Recently, Shannon & I got an interesting request from a customer who is using multi-tenant App Services (e.g., non-ASE), but wanted to keep communications restricted to their virtual network. If you’re familiar with Azure App Services, typically the way to achieve this is via an App Service Environment (ASE). ASEs are single-tenant, dedicated nodes running the App Service stack in your virtual network - this flips the ‘private’ bit as they have RFC 1918 IPs from within your VNet. This means you can do pretty much whatever you want with networking - use 17 firewalls in front of it, access vnet or on-prem resources, whatever. Problem is, they can get a bit pricey, at least relative to multi-tenant App Service. Internal ASEs can have a bit of deployment drama too, since you need to manage DNS and get wildcard certificates for your ASE (wildcard certs being particularly difficult to get from security & ops teams). Fortunately, with some (very) recent additions, this is possible using a combination of ‘New’ VNET Integration (gateway-less) and Service Endpoints/IP Restrictions in Azure. Let’s dig in.
jpd-app-1, a web app (API) with it’s own App Service Plan
jpd-app-2, another web app (API) with it’s own App Service Plan
- a vnet,
vnet1, with three subnets,
- a VM for testing, in the
- The two apps & vnet live in the same region
jpd-app-2 to talk to each other and also be accessible from the VNet, but not from the internet at all.
First we need to get integrated to the VNet from each of our app services. We need to keep the app service integrations in their own subnets, so we can delegate the subnet to the App Service. First we need to register the
Microsoft.Web service endpoint. If you’re creating a new VNet, you can do this at creation time. If not, it’s easy to enable afterward.
After creation (from the VNet –> Service Endpoints pane). Enable it on all the subnets you want to access our App Services from.
Once you’ve enabled them, head to the Networking pane of the first App Service (
jpd-app-1 in my example).
Configure VNet Integration, then choose Add VNet (Preview). Choose your vnet, then your subnet.
Do this for both of your App Services, integrating each into their respective subnets. At this point, our app services are now connected to
vnet1 - if we had resources we needed to access in the VNet, like a VM, a SQL Managed Instance or even something on-prem via site-to-site VPN, we’d be able to by this point. The app services are exposed to the internet, however. We’ve enabled access from the App Services to the VNet, but we haven’t restricted access to the App Services to only the VNet just yet. For that we’ll use Access Restrictions.
Next we need to enforce the access restrictions. Back in the networking pane of your App Service, you’ll see ‘Access Restrictions.’ This is where we’ll add our vnets. By default, your App Service will allow all traffic from all sources. You can leave the default Allow All rule, since as soon as we add our own restrictions, the Allow All rule becomes a Deny All, with our rules taking priority.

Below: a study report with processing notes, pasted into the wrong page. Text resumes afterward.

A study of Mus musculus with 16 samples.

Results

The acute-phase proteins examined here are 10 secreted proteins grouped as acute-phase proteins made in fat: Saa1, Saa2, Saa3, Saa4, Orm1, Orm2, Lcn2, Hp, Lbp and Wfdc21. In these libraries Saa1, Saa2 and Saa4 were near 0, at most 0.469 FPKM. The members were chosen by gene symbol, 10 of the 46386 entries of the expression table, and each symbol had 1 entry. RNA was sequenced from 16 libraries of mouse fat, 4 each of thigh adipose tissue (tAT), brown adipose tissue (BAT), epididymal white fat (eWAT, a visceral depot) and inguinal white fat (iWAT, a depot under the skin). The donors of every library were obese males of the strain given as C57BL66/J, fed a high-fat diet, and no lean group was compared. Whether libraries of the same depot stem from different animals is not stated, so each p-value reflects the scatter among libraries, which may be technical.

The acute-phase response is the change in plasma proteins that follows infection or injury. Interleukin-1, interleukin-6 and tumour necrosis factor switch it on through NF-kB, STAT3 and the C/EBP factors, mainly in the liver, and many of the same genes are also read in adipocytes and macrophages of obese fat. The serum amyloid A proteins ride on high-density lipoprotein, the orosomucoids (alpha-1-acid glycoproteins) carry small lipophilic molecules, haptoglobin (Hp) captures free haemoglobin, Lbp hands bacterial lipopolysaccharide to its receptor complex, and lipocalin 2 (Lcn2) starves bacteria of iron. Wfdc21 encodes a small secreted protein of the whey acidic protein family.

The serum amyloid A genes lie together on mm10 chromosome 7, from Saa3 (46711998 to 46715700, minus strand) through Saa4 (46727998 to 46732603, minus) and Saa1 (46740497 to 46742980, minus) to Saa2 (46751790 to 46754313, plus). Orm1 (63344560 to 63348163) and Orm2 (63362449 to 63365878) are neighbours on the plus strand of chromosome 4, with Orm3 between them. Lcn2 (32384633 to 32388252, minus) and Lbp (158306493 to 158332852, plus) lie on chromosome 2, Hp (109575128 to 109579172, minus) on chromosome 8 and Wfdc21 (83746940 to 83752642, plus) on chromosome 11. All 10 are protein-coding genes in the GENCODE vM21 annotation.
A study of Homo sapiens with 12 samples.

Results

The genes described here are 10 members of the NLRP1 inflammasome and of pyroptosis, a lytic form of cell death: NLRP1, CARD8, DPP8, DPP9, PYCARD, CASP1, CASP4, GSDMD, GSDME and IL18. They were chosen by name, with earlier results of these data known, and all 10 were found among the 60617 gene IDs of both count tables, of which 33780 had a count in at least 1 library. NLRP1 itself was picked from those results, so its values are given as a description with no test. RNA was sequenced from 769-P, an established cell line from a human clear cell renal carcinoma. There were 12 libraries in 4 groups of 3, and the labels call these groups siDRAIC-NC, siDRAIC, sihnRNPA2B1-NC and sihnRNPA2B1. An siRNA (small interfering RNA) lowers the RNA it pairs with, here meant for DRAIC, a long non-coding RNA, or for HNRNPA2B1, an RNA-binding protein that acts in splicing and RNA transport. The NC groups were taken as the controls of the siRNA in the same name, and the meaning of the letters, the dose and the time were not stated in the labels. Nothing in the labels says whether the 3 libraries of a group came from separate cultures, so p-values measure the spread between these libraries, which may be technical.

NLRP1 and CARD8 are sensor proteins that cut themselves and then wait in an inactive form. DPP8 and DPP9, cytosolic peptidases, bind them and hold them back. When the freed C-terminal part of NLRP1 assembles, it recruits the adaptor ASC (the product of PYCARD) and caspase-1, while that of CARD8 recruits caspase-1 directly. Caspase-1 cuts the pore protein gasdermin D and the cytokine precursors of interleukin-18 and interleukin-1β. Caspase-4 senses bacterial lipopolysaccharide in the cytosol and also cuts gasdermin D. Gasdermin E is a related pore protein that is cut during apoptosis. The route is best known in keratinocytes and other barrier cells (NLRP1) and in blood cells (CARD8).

You’ll also note there are two hosts listed -
<yourapp>.scm.azurewebsites.net - the first one is your app, the second one (.scm.) is the backstage view of your web app, the Kudu console. You can restrict these independently. Make sure you add restrictions for both the main site and Kudu/scm site if you don’t want any access from the internet!
Now let’s add our restriction! Since this is
jpd-app-1 and it’s integrated into the
jpd-app-1-subnet subnet, we need to add two rules:
- Access from
- Access from
- Deny everything else
jpd-app-2-subnet rule. Make sure you choose ‘Virtual Network’ in the type. Then choose your vnet (
vnet1) and your subnet for the other app that needs access (
jpd-app-2-subnet). Repeat for (
default) to enable the rest of the vnet and any other vnets/subnets that may need access.
In your other app (
jpd-app-2), do the same thing. Add access restrictions, only this time choose the subnet of the other app (
If you go to your app in a browser from your local machine, you should get a 403, ‘web site stopped.’ This is the experience for app services that are restricted - it’s a 403 Forbidden, stopped is a bit misleading here.
From your web app’s kudu console (
<yourapp>.scm.azurewebsites.net), which is either accessible only from the VM on your vnet, or from the internet, if you didn’t add a restriction, we can do a curl to the other app to make sure our configuration is all square.
tcpping isn’t valid here, because the site does respond to ping - as it is available on the internet, but returning
curl -sI https://<yourapp>.azurewebsites.net
This should return some HTML/markup. If it’s a
403, something is wrong. If you get a
200/OK, you’re in business!
Note: you may notice that my URLs changed near the end - I added a bad rule so I had to trash the two app services and recreate them. Don’t put zero (0) as a priority for a rule!
I haven’t tried this with Functions on a consumption plan yet, but that’s coming next. Stay tuned!